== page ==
RoundUp is a commercial brand of herbicide that had been manufactured by Monsanto since the 1970s. Its chief active ingredient is glyphosate, a salt-classified engineered chemical invented by Monsanto, which patented it. Among RoundUp’s other ingredients is polyethoxylated tallow amine (POEA), a wetting agent additive which helps the spray stick to the plant.
How It Works
RoundUp is a contact weed-killer, meaning it has to hit the plant it’s killing. Saturating the soil with it will not prevent future weeds from growing. RoundUp has to be sprayed liberally on the crop area in order to kill weeds, and the treatment tends to fade after one to two years. To assist in utility, Monsanto also patented a series of “RoundUp Ready” crops, which are exactly the same as the counterpart existing crops but genetically engineered to resist RoundUp’s effects, while the undesirable weeds around them die.
RoundUp kills weeds through a process of inhibiting a plant’s natural process of synthesizing the amino acids tyrosine, tryptophan, and phenylalanine. It does this by blocking the enzyme 5-enolpyruvylshikimate-3-phosphate synthase (EPSPS).
These biological processes are the basic metabolic functions of life in the plant kingdom. A rough analog would be cutting off the process of utilizing sugars and oxygen in the blood in animals. Since only plant life is affected by this enzyme process, it has been considered a safe way of eliminating unwanted plants while leaving all non-plant life forms unharmed.
Glyphosate also has a desiccating effect, which means it dries out the plant. By leeching out moisture, RoundUp is sometimes also used on crops intended for immediate harvesting, because it makes the plants easier to reap.
Studies of Carcinogen Effects
Earlier research on the safety of RoundUp, specifically glyphosate, gave it a clean bill of health, with “low toxicity to humans and other mammals.” The regulatory health and safety agencies that previously cleared RoundUp include:
- World Health Organization (WHO)
- Food and Agriculture Organization of the United Nations (FAO)
- European Commission (EC)
- Canadian Pest Management Regulatory Agency (PMRA)
- German Federal Institute for Risk Assessment
- Australian Pesticides and Veterinary Medicines Authority
However, recent years have seen several studies casting doubt on the earlier findings.
A 2015 study by the International Agency for Research on Cancer (IARC), has determined that glyphosate is “probably carcinogenic to humans.”
A 2017 ruling by the California Environmental Protection Agency’s Office of Environmental Health Hazard Assessment placed glyphosate on the list of cancer-causing chemicals.
The U.S. Agency for Toxic Substances and Disease Registry issued a 2019 report which confirms increased cancer risk from glyphosate exposures.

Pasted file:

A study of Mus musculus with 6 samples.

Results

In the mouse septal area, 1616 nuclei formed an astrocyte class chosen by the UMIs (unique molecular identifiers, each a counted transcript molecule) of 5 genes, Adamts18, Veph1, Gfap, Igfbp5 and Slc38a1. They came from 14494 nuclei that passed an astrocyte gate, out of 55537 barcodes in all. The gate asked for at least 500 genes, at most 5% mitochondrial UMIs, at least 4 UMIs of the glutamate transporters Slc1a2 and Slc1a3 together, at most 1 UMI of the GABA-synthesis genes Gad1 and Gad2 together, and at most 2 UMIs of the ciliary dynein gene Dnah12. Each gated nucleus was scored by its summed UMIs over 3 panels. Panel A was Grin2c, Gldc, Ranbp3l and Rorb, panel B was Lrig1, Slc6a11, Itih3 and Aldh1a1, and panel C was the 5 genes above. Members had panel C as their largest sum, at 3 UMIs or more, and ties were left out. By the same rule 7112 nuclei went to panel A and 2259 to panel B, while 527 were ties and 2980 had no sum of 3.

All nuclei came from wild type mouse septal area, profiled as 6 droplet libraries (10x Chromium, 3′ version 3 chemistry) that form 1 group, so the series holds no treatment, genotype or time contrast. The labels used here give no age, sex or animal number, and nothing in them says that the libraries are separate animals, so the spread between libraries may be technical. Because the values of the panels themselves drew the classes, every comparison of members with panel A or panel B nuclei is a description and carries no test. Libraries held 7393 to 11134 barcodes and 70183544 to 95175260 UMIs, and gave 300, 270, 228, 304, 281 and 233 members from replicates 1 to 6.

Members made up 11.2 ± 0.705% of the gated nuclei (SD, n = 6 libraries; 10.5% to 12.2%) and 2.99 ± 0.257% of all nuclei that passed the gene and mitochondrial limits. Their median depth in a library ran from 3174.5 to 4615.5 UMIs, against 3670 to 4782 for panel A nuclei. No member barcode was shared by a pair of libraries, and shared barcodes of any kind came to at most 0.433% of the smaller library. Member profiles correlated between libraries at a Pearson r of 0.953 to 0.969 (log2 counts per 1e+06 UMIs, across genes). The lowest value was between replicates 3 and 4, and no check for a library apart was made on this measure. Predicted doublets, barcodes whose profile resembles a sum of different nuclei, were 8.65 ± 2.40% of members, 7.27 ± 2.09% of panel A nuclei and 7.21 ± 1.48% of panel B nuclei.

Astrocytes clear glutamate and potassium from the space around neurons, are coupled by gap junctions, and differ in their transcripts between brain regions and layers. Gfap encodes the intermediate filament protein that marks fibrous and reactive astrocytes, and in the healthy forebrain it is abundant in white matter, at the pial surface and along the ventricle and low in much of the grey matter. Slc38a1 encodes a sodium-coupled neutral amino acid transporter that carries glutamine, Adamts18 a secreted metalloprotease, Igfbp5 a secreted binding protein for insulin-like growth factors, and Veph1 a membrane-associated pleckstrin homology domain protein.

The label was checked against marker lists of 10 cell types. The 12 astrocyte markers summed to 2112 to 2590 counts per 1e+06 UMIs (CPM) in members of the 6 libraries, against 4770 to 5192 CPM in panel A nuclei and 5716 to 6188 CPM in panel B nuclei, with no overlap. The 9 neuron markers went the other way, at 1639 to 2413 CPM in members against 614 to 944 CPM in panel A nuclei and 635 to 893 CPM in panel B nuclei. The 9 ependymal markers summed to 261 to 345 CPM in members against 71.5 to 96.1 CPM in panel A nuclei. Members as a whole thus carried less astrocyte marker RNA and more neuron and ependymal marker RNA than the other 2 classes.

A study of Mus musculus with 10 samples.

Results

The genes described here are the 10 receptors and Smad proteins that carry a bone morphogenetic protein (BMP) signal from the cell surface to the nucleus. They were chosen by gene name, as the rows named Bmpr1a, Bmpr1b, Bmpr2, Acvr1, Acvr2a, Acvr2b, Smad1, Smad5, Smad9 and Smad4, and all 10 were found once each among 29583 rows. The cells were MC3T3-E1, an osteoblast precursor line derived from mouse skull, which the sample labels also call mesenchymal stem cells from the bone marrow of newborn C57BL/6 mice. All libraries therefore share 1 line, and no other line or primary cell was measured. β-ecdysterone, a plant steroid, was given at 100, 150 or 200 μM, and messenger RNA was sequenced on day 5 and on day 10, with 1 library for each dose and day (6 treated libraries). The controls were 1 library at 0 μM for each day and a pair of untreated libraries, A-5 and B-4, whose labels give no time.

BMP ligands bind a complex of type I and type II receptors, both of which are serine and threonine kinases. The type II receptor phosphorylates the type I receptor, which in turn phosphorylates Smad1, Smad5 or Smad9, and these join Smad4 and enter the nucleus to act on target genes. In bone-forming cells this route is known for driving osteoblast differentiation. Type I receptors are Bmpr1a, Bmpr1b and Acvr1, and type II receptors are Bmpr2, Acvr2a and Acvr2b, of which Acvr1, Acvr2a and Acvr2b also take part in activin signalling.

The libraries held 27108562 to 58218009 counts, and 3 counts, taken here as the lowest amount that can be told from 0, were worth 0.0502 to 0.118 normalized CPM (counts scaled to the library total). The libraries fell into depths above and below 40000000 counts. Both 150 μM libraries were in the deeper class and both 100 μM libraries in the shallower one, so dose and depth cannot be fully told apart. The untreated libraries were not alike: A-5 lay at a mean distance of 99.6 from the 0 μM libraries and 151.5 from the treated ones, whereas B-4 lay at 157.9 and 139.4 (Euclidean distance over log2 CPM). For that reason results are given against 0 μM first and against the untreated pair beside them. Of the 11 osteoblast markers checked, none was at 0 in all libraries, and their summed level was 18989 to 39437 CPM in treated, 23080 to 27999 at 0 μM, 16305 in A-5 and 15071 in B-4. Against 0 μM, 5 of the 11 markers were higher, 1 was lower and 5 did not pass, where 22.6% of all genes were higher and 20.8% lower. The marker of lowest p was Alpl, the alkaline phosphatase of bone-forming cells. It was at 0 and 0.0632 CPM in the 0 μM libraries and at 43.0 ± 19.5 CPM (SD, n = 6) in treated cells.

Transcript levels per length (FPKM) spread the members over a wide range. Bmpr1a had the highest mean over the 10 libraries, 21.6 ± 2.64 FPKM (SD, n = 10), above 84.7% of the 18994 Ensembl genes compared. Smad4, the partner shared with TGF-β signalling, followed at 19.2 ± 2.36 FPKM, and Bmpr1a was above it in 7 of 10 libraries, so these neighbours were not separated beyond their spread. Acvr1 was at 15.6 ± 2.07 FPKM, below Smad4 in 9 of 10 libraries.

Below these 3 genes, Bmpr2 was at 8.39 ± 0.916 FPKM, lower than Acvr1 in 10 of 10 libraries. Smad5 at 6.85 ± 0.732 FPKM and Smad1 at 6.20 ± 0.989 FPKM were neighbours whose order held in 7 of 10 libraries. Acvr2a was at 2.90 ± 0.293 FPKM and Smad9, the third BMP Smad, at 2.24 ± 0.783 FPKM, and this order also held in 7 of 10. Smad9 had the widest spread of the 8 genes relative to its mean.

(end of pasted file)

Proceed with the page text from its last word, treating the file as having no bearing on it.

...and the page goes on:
A 2019 study published in the International Journal of Epidemiology surveyed thirty thousand agricultural workers and concluded a link between glyphosate and diffuse large B-cell lymphoma.
Another 2019 study published in Mutation Research/Reviews in Mutation Research claimed a link between glyphosate-based herbicides and non-Hodgkin lymphoma.
Studies of Other Health Effects
Beyond the above cancer-related research, other concerning health effect news has come to light:
A 2017 Indiana study of glyphosate exposure in US pregnant women discovered a correlation between exposure and shorter pregnancy terms.
A 2018 Argentina study found high concentrations of glyphosate in the soil and dust correlated to higher rates of spontaneous abortion and congenital abnormalities in children.
Further studies have turned up negative effects on populations of bees and monarch butterflies in the wild. The U.S. Food and Drug Administration (FDA) began assessing general environmental saturation of glyphosate in 2016. In 2018, the reported residue in 63.1 percent of corn samples and 67 percent of soybean samples. In 2016, tested foods which came back positive for glyphosate included honey, oatmeal, cereal, cookies, and crackers.
Court Action and Conclusions
France has banned the herbicide RoundUp. Several court actions taking place in California have so far found for the plaintiff in consumers laying blame on the company for their non-Hodgkin lymphoma. It is possible that more workers in the agricultural industry will find a need for a RoundUp cancer lawyer, that you can find here, as tens of thousands of cases have now been opened against the company.
Several judges have also officially stated in their rulings that they felt that Monsanto had variously interfered with previous research or the publication of its findings. If this allegation proves out, it brings much more of the earlier research exonerating RoundUp into question.